Vol. 344 ,
Officials last week revealed that the U.S. contribution to ITER could cost $3.9 billion by 2034—roughly four times the...
An experimental hepatitis B drug that looked safe in animal trials tragically killed five of 15 patients in 1993. Now,...
Using the two high-quality genomes that exist for Neandertals and Denisovans, researchers find clues to gene activity...
A new report from the Intergovernmental Panel on Climate Change (IPCC) concludes that humanity has done little to slow...
Astronomers have discovered an Earth-sized planet in the habitable zone of a red dwarf—a star cooler than the sun—500...
Three years ago, Jennifer Francis of Rutgers University proposed that a warming Arctic was altering the behavior of the...
- 17 April 2014 12:48 pm , Vol. 344 , #6181
12 July 2013 3:15 pm
After less than 2 months on the job, Energy Secretary Ernest Moniz is beginning to spell out how he plans to approach some of the Department of Energy's (DOE's) thornier issues, including improving the management of its expansive network of 17 national laboratories. In a letter that he wrote earlier this week to members of the U.S. House of Representatives Committee on Science, Space, and Technology, Moniz describes plans to create two internal panels that will advise him on possible reforms to the $12-billion-a-year network of science, weapons, and environmental cleanup facilities.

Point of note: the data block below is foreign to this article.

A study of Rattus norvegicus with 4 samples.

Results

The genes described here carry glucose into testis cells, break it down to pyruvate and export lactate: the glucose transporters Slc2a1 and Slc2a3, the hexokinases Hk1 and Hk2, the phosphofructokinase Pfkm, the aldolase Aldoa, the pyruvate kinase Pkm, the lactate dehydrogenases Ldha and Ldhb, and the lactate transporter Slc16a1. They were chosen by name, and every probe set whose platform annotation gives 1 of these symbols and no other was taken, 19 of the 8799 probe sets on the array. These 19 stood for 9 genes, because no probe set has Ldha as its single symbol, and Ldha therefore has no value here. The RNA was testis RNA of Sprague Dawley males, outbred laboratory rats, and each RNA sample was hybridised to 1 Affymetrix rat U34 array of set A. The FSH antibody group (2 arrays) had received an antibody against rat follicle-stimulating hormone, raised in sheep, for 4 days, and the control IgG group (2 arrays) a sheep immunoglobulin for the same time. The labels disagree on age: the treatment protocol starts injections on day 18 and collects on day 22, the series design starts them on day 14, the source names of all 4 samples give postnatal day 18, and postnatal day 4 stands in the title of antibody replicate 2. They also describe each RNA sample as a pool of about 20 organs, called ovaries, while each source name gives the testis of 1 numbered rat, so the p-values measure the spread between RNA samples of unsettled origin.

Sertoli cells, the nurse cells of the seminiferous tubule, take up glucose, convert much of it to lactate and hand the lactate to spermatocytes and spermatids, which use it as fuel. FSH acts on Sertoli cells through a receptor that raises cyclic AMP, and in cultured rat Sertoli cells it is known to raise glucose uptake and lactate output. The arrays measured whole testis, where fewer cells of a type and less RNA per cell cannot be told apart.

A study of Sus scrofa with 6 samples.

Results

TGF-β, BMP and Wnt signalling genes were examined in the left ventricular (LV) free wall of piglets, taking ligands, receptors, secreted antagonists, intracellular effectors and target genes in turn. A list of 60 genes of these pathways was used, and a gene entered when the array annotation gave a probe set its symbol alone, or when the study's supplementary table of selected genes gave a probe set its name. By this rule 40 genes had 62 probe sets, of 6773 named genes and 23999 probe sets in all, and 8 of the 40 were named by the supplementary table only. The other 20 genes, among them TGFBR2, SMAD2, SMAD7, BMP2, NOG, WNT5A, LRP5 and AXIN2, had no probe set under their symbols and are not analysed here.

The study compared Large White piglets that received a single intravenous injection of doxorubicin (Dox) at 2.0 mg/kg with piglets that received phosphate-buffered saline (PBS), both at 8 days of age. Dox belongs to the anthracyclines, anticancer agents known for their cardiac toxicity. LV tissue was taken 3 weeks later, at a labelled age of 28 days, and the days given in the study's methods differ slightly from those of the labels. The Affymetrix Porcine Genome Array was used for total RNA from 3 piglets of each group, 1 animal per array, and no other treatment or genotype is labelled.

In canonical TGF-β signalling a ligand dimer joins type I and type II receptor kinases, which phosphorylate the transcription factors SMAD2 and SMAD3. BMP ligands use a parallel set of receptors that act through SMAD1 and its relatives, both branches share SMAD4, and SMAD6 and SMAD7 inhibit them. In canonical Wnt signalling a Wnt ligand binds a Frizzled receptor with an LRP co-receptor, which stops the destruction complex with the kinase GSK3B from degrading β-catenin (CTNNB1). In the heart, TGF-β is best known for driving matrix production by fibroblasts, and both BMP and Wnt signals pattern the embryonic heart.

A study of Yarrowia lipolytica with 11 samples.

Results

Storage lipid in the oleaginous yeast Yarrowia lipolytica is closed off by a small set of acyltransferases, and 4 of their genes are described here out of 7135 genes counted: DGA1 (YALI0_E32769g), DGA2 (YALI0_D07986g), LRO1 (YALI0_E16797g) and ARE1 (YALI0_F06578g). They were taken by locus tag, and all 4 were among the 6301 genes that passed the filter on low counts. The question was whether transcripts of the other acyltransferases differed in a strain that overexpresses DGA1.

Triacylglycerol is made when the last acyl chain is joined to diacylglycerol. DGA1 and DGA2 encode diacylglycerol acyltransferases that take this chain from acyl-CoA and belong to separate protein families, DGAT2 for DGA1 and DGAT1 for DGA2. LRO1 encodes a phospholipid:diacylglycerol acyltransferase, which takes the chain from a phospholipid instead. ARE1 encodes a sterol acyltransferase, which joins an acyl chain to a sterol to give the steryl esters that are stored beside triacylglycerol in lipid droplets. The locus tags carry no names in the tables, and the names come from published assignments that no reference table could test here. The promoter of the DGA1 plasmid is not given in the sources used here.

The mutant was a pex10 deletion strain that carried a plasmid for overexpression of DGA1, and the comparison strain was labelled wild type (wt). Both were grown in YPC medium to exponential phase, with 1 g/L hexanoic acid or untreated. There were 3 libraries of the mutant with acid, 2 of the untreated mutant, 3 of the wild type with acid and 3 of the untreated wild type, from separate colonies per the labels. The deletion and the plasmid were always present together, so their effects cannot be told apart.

A National Laboratory Policy Council made up of senior DOE officials and select lab directors will help define the lab's role in the department's overall strategy for research and technology development, Moniz wrote in the 10 July letter to Representative Cynthia Lummis (R-WY), chair of the science panel's energy subcommittee, and its top Democrat, Representative Eric Swalwell (D-CA). And a new Laboratory Operations Board will focus on "finding opportunities to improve effectiveness and efficiency." Moniz also plans to ask the existing Secretary of Energy Advisory Board to weigh in on opportunities to improve lab organization.
Moniz emphasized that any changes will be based on broad discussions and agreement between DOE and lab leaders. "As Secretary, I plan to set the agenda and lead this dialogue with the clear understanding that the lab leadership are strategic partners," he wrote, adding that he met with lab directors three times in person or by videoconference during his first 6 weeks on the job.
The letter is a response to an array of questions about the national labs that lawmakers asked Moniz during and after an 18 June appearance before the committee. Lummis placed it into the public record yesterday, during a hearing on possible reforms at the labs.